Blandford Town Museum consists of one long room, which stretches the length of the old coach house it’s set in. You’re immediately met with friendly faces as you step inside and left to your own devices to explore however you please. Blandford is one of those wonderful little museums that is overflowing with stuff and everytime you turn a corner you see and learn so much. Several display cases present the wealth of prehistoric and Roman material from around Blandford, either accumulated by antiquarians or found in recent excavations.
Flint and stone axes are in abundance, as are Roman brooches, coins and tools, with an interactive info panel that gives you further details about the archaeology and various excavations that have taken place. Further up you find Medieval structural remains (most of the town burned down in 1730s and hence most of the architecture is now Georgian) and a replica blacksmith’s and cobbler’s as well as a giant doll’s house.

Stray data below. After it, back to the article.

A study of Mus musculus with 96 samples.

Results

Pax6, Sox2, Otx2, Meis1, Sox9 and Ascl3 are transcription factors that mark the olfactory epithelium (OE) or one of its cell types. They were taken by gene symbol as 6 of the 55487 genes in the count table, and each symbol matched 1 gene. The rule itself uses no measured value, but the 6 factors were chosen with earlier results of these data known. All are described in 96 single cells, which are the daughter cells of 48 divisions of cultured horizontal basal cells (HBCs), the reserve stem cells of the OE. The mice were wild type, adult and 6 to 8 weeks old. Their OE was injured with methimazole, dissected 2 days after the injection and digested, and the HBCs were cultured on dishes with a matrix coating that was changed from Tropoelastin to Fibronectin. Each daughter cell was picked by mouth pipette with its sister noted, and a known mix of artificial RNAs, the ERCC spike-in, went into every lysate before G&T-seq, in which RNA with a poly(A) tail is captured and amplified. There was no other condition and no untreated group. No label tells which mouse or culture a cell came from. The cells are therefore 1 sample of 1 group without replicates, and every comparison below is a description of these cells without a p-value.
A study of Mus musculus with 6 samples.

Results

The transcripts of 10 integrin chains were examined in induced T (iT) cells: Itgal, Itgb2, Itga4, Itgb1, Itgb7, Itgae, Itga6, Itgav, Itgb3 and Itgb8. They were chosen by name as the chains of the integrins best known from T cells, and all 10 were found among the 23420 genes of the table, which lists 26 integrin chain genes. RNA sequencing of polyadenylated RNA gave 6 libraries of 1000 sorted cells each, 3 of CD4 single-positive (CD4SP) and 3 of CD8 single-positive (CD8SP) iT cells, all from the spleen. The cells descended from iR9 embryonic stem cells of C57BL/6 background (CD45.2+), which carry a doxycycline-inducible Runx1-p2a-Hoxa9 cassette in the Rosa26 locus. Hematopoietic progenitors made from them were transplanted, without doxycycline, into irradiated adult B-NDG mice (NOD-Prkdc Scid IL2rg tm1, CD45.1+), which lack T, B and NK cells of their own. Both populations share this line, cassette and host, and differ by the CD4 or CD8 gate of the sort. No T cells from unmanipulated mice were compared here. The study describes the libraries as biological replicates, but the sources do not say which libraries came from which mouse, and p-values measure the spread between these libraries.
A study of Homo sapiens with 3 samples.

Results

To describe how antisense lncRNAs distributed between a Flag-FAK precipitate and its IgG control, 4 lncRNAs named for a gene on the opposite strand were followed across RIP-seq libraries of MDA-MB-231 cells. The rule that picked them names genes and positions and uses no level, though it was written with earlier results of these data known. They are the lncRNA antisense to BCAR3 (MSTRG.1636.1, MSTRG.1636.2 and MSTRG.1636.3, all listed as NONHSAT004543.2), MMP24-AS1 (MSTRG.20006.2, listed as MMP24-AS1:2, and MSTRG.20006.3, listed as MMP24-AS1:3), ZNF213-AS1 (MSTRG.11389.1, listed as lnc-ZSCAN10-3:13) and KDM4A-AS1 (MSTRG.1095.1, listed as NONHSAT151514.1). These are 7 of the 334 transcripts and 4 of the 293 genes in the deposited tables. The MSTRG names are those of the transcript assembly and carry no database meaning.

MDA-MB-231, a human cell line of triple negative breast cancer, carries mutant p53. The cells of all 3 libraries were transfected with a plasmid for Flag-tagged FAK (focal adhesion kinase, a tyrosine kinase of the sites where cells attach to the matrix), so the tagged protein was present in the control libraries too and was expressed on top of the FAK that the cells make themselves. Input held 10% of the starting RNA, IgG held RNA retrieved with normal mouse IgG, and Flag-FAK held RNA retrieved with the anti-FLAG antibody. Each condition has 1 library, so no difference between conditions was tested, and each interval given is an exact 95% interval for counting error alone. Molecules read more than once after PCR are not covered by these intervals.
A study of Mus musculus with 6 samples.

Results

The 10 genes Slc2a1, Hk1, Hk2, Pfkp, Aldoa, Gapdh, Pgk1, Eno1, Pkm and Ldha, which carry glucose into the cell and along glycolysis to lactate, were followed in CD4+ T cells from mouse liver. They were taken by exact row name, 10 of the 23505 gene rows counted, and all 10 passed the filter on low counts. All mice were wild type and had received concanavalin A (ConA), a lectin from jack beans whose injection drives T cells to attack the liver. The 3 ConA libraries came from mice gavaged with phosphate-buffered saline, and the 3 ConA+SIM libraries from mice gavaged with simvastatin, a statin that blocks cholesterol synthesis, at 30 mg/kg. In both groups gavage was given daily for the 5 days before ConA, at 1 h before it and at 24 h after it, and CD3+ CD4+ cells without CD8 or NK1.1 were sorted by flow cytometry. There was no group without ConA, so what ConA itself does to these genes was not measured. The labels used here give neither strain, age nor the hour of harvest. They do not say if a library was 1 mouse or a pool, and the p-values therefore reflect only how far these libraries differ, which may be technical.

A handling exhibit kept me occupied for a while – I just can’t resist activities at museums,
before I came to an exhibit dedicated to Alfred Stevens a sculptor, painter, metalworker and general artist, born and bred in Blandford whom the museum are trying to promote given that his work is found all over the world and yet no one in Blandford knows who he is.
If you weren’t looking for it, you’d perhaps miss it, but if you’re ever in Blandford, or if you’re searching a day out in Dorset, look out for a gap in the terraces opposite the beautiful Georgian church of St. Peter and St. Paul and step through to see this great little country town museum.